There is probably no disease in the world more detrimental to a developing nation’s advancement than malaria. Throughout developing regions in Latin America, Asia and Sub-Saharan Africa the World Health Organization (WHO) estimates that malaria costs over $12 billion a year in healthcare costs and lost wages, not to mention the detrimental effects on tourism and an estimated 800,000 deaths annually. While there are some drugs that ease the symptoms and reduce the likelihood of being infected, there still is no cure or vaccine. And because the disease is spread via mosquito bite, the only real defense against it remains the use of preventative measures like mosquito netting and hyper-vigilance in regards to standing water.
But a spinout company from University College London called MediSieve Ltd. may have stumbled onto a solution to the problem. It turns out that red blood cells infected with a malaria parasite gain slightly magnetic properties. When a red blood cell is infected with malaria, the parasite breaks down the blood’s hemoglobin, which results in a waste byproduct known as haemozoin – also called the “malaria pigment” – that is slightly magnetic. As the parasite multiplies and consumes the cell, the haemozoin builds up and remains stored within it, turning the cell magnetic.
The founder of MediSieve, Dr. George Frodsham, developed 3D printable magnetic blood filters that could potentially remove 90% of a patient’s infected blood cells in less than four hours. The filters only attract the blood cells with magnetic properties, allowing un-infected blood cells to pass through them harmlessly. Because at the time Frodsham was mostly on his own when it came to research and funding, his incredible device simply would never have been created had it not been for affordable RepRap 3D printing technology.
“I first came to 3D printing due to a resource issue, during my PhD we had relatively little funds but a clear idea of what I wanted to do and the answer was to buy a RepRap machine. I used it to make some early prototypes in-house and it made a huge difference because it meant I was able to iterate designs and try them out for a really low cost, really quickly. When I was happy with the design I was able to produce the numbers I needed to run my experiment, mass manufacture is a strong word but it wasn’t far off,” Frodsham explained to tct Magazine.
The blood filtering process works similarly to kidney dialysis, the patient’s blood is filtered through an external loop where the infected cells are separated from the healthy cells that are allowed to return to the patient’s body. The results for the patient are almost immediate, as the severity of the symptoms quickly begin to lessen, and the possibility of death is reduced to almost nothing.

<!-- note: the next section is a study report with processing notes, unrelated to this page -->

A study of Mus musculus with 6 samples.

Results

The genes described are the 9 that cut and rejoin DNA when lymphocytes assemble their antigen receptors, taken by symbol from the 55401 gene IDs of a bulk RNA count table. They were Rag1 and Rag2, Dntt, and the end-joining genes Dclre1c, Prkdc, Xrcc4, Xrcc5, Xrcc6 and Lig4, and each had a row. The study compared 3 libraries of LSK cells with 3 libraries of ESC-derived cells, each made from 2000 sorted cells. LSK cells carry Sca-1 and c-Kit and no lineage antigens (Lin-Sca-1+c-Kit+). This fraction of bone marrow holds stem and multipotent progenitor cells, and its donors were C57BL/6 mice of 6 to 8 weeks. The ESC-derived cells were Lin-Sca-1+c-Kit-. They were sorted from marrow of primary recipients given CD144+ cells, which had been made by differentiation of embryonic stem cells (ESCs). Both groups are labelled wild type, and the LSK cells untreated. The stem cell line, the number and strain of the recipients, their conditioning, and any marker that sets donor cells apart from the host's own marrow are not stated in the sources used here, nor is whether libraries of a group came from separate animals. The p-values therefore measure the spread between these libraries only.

Here is a video demonstration of the blood filtering process:
Frodsham earned his PhD in biochemical engineering from UCL, where he developed his magnetic haemofiltration device. While the company is still in the early stages of development, his work has still managed to attract a considerable amount of financial support. He received an enterprise fellowship from the Royal Society of Edinburgh, a grant that he used to get his company up and running. He also received an Enterprise Fellowship from the Royal Academy of Engineering’s Enterprise Hub for his work developing his first prototype filter. The early success of his prototypes allowed him to raise over $540,000 (£350,000) in early funding that will enable him to develop clinical prototypes and run safety trials. And according to Frodsham, 3D printing will be with him throughout the development process.
“I ended up using the RepRap not only for my project but to support a number of other research groups to make early prototypes, custom experimental apparatus, adapters for microscopes. Sometimes these things costs hundreds even thousands of pounds and you can print them for basically nothing. It adds huge value to the product development process when you’re talking about the development of new medical devices but also as a lab tool. For me it is an essential piece of lab equipment right now, I recommend 3D printing to everybody I speak to. We’re still looking at using 3D printing to produce the clinical prototypes, but we’ll be looking towards injection moulding when we scale up to manufacturing. This is a product that we’re hoping to help hundreds of thousands of people with, with those kinds of volumes I personally don’t feel like 3D printing is the most efficient way of doing it,” Frodsham says.
The timing of Frodsham’s device couldn’t come at a better time, as infectious disease researchers are becoming increasingly worried about the growing number of drug-resistant strains of malaria. There are currently three of these strains spreading across Cambodia, Laos, Thailand, Vietnam and Myanmar, and if they continue to spread they could cause a devastating epidemic.
Frodsham research and his resulting magnetic haemofiltration process may have a wider impact on the science of infectious diseases than just reducing the cost of malaria. Medical science typically focuses on chemical or pharmaceutical solutions to diseases, which has served us well for over a century. But the widespread use of drugs are causing unintended side effects by actually making parasites and viruses stronger and leading to drug resistant “super-virus” strains that are becoming more and more of a problem. However using his background in physics and nanotechnology, Frodsham instead looked for a physical, drug-free solution that would reduce the need for pharmaceutical treatments, giving the malaria parasites less opportunities to develop resistance.
Let’s hear your thoughts on this research and in the 3D Printing a Cure for Malaria forum thread on 3DPB.com.